Why accepting compliments is hard


Are you one of those people that find it hard to accept compliments?

Do you feel awkward when a friend tells you something they like about you?

Do you tend to down play or minimise your successes or what others compliment you on?

When a friend tells you something they like about you, do you automatically think "yeah, right"?

What I'm talking about here is more than trying to maintain social standards and not come across as cocky or big headed. Instead, it's a genuine uncomfortable feeling when a friend or someone close to you compliments you. Or, you completely let it go over the top of your head, not even registering it. Have you ever stopped to think about why?

What is it that when a friend gives you a compliment, that makes you feel so awkward, or emotional, or that you instantly dismiss it out of hand? It's likely that this has been a problem most of your life, and it comes from what we call 'core beliefs'. Core beliefs, are beliefs that we hold about ourselves and how we fit in the world. We develop these core beliefs fairly early in our lives, usually from interactions with significant others like parents, siblings, friends, or teachers, and they are a little like the lens we see the world through. We are not consciously aware of these core beliefs and because they start so early in our lives, they are very entrenched and hard to change. Some core beliefs are helpful and healthy - for example, you might have a core belief that you are a caring person, or a diligent worker. However, unhelpful core beliefs, such as "I am defective" or "I am not worthwhile" can lead to difficulties in your life when they are triggered.

So let's look at a real example. Say you have a "I am defective" core belief. The typical thoughts that go with this core belief are "If [my friend] knew the real me, they would reject me". You know that you can't fully be your true self around others, or it takes a long time for a close friend to break through and get to know "the real you". Sound familiar? Imagine this scenario - you are out with a friend having coffee, and while talking your friend randomly says "I really admire how well you've been doing lately, what with your job and family, it's very inspirational". Now, most of us will probably feel a little embarrassed, because we've been conditioned throughout our lives not to look 'big headed'. However, if you have a defectiveness core belief, you are going to feel more than a little embarrassed. You are going to feel highly embarrassed. In fact, you'll probably feel very emotional and not be able to explain why to your friend. Or the following will happen - you'll completely dismiss it out of hand and minimise the compliment. In fact, you'll probably not even really hear the compliment at all until your friend has to repeat themselves, looking for some acknowledgement from you.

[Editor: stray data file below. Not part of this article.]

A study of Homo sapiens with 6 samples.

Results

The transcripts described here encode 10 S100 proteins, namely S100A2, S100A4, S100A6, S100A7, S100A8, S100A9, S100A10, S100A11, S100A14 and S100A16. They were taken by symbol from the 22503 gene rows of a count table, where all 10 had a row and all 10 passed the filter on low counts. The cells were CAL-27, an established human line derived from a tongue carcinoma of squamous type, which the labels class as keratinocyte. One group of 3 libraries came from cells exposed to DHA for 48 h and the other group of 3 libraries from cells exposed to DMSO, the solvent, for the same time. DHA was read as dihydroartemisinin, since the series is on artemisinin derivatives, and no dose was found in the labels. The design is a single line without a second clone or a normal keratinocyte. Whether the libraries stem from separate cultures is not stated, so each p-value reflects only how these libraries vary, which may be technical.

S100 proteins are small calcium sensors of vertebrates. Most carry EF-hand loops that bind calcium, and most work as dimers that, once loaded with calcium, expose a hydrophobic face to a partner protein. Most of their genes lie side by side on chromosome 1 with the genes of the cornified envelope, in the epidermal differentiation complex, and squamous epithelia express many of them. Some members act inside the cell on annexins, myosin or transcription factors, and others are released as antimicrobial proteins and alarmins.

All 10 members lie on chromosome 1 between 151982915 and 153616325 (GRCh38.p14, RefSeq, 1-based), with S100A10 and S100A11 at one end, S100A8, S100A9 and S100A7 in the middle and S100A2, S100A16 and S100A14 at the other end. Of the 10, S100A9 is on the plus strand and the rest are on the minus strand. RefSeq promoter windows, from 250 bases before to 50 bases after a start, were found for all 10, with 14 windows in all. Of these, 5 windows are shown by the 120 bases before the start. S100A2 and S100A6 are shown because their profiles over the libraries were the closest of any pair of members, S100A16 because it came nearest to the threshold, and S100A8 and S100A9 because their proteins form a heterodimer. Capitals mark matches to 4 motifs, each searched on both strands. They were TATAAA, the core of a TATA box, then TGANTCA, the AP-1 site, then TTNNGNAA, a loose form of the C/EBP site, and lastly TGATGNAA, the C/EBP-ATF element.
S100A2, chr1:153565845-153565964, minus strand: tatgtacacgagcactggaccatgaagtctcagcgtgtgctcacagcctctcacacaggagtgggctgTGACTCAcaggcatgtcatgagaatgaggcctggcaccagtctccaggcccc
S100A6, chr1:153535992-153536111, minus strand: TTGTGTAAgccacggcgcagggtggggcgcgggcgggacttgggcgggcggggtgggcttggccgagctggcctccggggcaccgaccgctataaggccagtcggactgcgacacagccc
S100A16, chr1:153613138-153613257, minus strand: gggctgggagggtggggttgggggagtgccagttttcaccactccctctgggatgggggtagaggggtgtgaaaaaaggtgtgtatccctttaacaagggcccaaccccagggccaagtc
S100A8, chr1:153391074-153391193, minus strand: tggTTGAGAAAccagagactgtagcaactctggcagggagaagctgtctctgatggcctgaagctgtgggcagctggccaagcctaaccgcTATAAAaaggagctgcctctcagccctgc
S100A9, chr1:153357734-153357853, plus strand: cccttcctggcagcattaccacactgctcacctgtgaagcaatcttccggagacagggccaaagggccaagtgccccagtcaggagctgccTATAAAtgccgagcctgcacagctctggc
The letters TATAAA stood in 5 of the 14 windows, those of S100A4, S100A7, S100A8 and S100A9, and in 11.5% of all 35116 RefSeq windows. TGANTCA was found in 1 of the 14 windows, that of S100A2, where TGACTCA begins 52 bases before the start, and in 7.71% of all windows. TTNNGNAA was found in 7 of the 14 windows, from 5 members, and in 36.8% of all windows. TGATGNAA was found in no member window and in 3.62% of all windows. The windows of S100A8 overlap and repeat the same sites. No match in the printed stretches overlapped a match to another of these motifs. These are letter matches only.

How am I going so far? Does this sound similar to you?

How about this scenario. Say you are at work, and your boss or senior colleague recommends to you that you should apply for a promotion because of all the great work you've been doing lately. They might say to you "have you thought about going for the promotion? I thought of you, because your recent project was fantastic and this is right down your alley". But you've got a "I'm not worthwhile" core belief. So in all likelihood, you've not heard the "your project was fantastic" compliment, and all you've heard is your inner voice saying "I couldn't do that, I'll fail miserably". Sound familiar?

So what can you do about this? Well, the simplest method is to simply acknowledge and accept the compliment with a polite "thank you". The reason I suggest that, is because you need more runs on the board in the positive experiences column to counteract all the negative experiences you've had that led to the development of the core belief. If you can implement this task, over time, it will get easier, less embarrassing, and you'll start to actually hear the compliment and even believe in yourself. You can also try complimenting yourself for things you've done recently by looking at yourself in the mirror and speaking the words out aloud (believe me, this is harder than you think).

For some people, however, it is so hard to hear and accept compliments, that you may need additional support from an experienced psychologist to help you identify the underlying core beliefs that may be holding you back in your life. If you want to be able to hear and accept compliments, and not be held back by your unhelpful core beliefs, please get in contact by sending us a message by clicking here. We'll be able to book you an appointment with one of our experienced psychologists.